Growth in own-brand magazines at Egmont

Growth in own-brand magazines at Egmont

Egmont magazines has seen its fourth consecutive period of growth for own-brand boys' magazine Toxic. The magazine has seen a 22.1% growth year-on-year for the six months from January to June 2013 (to 52,502 copies).

The publisher's own-brand pre-teen girls' title Go Girl reported a 6.6% year-on-year increase to 40,502 copies, as recorded in the latest Audit Bureau of Circulation figures.

Licensed brand magazines Monster High and Hello Kitty, both launched last year, also sustained their growth, with 14.3% and 12.2% period-on-period growths respectively (36,561 copies and 34,796 copies).

Overall circulation across Egmont magazines was flat, taking into account a 16.9% year-on-year fall in the publisher's Disney Group magazines where figures are heavily affected by individual film releases.

Toxic's results follow the launch of a bespoke website, and publication of its first two free apps, Bug Blatter and Meerkat Me, in June. The ten-year-old magazine is aimed at "tween" boys.

Debbie Cook, director of magazines for Egmont Publishing Group, said: "We're really proud of this set of ABC results for Egmont's magazine portfolio and in particular it's great to see our own brand titles continue to thrive in such a tough market. It's brilliant that our continued investment in digital extensions to our magazines, as well as in new launches, has yielded success, and both of these areas will remain a priority for us."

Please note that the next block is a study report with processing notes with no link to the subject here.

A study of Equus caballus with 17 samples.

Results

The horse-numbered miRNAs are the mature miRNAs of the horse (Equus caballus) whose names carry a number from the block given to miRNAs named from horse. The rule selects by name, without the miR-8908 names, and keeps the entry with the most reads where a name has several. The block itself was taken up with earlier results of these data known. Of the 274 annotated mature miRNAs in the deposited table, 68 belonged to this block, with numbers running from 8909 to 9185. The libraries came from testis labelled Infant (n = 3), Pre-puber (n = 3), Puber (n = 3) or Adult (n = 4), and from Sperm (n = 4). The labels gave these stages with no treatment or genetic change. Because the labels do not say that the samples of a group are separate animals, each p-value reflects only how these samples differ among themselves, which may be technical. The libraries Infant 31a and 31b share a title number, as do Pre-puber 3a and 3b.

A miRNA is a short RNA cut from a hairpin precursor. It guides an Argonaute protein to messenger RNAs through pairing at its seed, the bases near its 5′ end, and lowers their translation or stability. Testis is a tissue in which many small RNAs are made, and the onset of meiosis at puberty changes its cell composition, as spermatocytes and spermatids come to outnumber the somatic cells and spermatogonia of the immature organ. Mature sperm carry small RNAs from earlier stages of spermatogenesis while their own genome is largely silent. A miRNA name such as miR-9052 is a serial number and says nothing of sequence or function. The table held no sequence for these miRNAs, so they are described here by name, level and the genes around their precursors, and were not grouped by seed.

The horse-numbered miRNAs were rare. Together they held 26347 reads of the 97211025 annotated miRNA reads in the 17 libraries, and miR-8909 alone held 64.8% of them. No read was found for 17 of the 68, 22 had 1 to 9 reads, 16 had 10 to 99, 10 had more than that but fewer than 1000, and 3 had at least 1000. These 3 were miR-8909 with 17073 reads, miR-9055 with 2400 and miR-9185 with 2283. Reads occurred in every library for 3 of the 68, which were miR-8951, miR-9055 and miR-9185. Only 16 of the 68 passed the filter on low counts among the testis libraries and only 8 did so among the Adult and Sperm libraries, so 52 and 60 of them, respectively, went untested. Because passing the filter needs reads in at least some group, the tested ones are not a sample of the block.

Magazines publisher Siobhan Galvin said the Toxic apps had offered a way to take the reader's experience onto other platforms, but that the magazines were still valued as print-only products. "It's really interesting that the digital revolution is fuelling the growth of character brands online and that is having a positive impact on magazines," she said.

"For example, children can enjoy playing Angry Birds, but also doing an Angry Birds puzzle—extending the experience. From a parent's point of view, they might be interested in a brand their child engages with digitally but want to limit their screen time."